Another Southern California newspaper has made the mistake of asking a member of the California Highway Patrol about a law regarding cycling. And as we’ve seen in the past, that means that misinformation has been published, unchallenged, in a local newspaper.
Today’s victim is the Whittier Daily News, who has a local column entitled "ask a cop" where readers ask a member of the CHP a traffic question. This week, Officer Al Perez, of the Santa Fe Springs Division, tells the touching story of a father and son out on a bicycle ride and the father leaping to his small child’s defense when a motorist crosses into a crosswalk, endangering the son. I picture myself in that role at some point in the future, although I hope I have the courage to teach my son to bike in the street, even from the start.
However, to Officer Perez, this was an unforgivable offense. I recommend reading the entire piece of misinformation, but here’s an excerpt to give you an idea of how Officer Perez works:
Can you imagine the grief if the turning vehicle had struck the child on the bicycle?
child could have been injured or even killed, and he would have been at
fault in the collision. You might be asking, "How could the child be at
fault if he was in the crosswalk?"
The answer is because the child was a bicyclist, as opposed to a pedestrian.
Bicyclists and pedestrians are two distinctly different things as defined by the California Vehicle Code.
21200(a) of the California Vehicle Code partially reads: "Every person
riding a bicycle upon a highway has all the rights and is subject to
all the provisions applicable to the driver of a vehicle by this
I added the emphasis on the words "upon a highway" in order
to point out that the California Vehicle Code does not prohibit anyone
from riding a bicycle on a sidewalk, but as soon as the child rode his
bicycle off the sidewalk and into the crosswalk, he entered the highway
and became subject to the rules of the road.
Section 21650.1 states: "A bicycle operated on a
roadway, or the shoulder of a highway, shall be operated in the same
direction as vehicles are required to be driven upon the roadway."
While Perez’s case may make sense to someone who has no idea about bike laws, you would hope that a member of the State Police would do ten seconds of research before giving bad information to an entire community, further tarnishing the CHP’s tenuous reputation with cyclists for understanding basic laws.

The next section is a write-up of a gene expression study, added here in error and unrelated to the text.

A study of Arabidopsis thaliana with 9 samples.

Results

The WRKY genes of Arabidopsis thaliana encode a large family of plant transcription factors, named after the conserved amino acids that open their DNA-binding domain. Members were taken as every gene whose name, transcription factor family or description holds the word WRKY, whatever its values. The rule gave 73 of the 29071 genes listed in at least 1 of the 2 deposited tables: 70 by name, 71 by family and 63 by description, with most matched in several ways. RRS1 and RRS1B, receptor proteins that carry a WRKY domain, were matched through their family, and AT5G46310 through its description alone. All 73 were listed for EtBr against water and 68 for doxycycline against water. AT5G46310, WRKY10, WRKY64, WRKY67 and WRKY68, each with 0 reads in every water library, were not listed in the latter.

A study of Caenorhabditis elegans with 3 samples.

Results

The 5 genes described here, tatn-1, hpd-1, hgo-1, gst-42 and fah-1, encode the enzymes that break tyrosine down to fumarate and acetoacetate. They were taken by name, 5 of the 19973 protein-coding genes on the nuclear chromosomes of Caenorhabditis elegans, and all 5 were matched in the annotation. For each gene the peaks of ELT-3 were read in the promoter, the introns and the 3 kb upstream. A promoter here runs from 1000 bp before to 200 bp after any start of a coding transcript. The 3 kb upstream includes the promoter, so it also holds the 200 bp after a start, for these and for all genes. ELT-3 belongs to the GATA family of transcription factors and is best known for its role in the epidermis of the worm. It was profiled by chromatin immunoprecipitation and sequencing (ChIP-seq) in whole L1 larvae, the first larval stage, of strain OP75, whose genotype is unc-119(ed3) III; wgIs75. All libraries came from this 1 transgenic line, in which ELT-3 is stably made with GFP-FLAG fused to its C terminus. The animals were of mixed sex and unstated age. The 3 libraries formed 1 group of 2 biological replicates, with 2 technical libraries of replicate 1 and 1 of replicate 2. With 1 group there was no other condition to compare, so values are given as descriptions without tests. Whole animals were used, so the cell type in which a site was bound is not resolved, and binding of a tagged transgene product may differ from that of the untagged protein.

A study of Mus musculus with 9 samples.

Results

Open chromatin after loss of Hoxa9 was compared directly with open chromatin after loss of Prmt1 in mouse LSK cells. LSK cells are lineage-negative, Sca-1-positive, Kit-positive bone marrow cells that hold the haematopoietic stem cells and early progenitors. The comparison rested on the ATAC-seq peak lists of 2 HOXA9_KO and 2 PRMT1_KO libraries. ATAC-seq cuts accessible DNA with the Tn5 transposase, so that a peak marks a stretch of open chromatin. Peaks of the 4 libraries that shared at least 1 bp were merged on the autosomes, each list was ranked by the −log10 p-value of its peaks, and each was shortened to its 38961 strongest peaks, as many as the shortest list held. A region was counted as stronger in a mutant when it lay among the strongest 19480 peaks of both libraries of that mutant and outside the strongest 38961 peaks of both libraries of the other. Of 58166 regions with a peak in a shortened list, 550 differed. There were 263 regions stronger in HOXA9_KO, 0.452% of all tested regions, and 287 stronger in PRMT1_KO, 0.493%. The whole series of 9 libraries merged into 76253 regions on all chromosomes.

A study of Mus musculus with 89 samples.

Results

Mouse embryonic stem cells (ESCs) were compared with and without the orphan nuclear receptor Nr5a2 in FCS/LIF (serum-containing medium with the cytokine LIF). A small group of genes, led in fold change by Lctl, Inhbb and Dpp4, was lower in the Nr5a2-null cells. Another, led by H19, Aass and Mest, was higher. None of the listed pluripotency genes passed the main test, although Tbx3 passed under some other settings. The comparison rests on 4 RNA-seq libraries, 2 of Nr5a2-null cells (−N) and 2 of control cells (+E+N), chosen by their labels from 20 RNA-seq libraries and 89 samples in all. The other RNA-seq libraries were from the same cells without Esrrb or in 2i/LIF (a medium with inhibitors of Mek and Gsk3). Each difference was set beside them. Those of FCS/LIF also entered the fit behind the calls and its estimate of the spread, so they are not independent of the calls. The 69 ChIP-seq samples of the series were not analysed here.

Let’s look at Perez’s two main assertions: that the cyclists had no right to bicycle in a crosswalk and that the cyclist was going the "wrong way" in a crosswalk.
First, it is completely legal to ride a bicycle in a crosswalk. Section 275 of
the California Vehicle Code clearly states that a crosswalk is an extension of the sidewalk
across the intersection. Thus when Perez says that the child "entered the highway" when he entered the crosswalk, he is as wrong as wrong can be. By law, the child was still on the sidewalk, thus the local ordinance that allows him to ride on the sidewalk allows him to ride the crosswalk.
Second, now that we’ve established that the cyclist can legally ride in the crosswalk, we can state, as we have in the past, that there is no law requiring that people cross a crosswalk in the same direction as the flow of traffic.
Perez makes a point of showing his concern for the cyclists by typing that he wishes the father followed his version of the law to prevent him from "sprouting a few gray hairs." Officer, I know I speak for a lot of us when I add that we would have fewer gray hairs if police officers would take the time to learn the law as it applies to cyclists.
Now let’s be clear. I think sidewalk riding is generally a pretty bad idea, and it would be better for a parent teaching a child to bicycle in the safest way possible, which is on the street. However, when you’re child still has their training wheels on, it’s pretty scary to think of what could happen if he lost his balance in front of a motorist that is driving too close.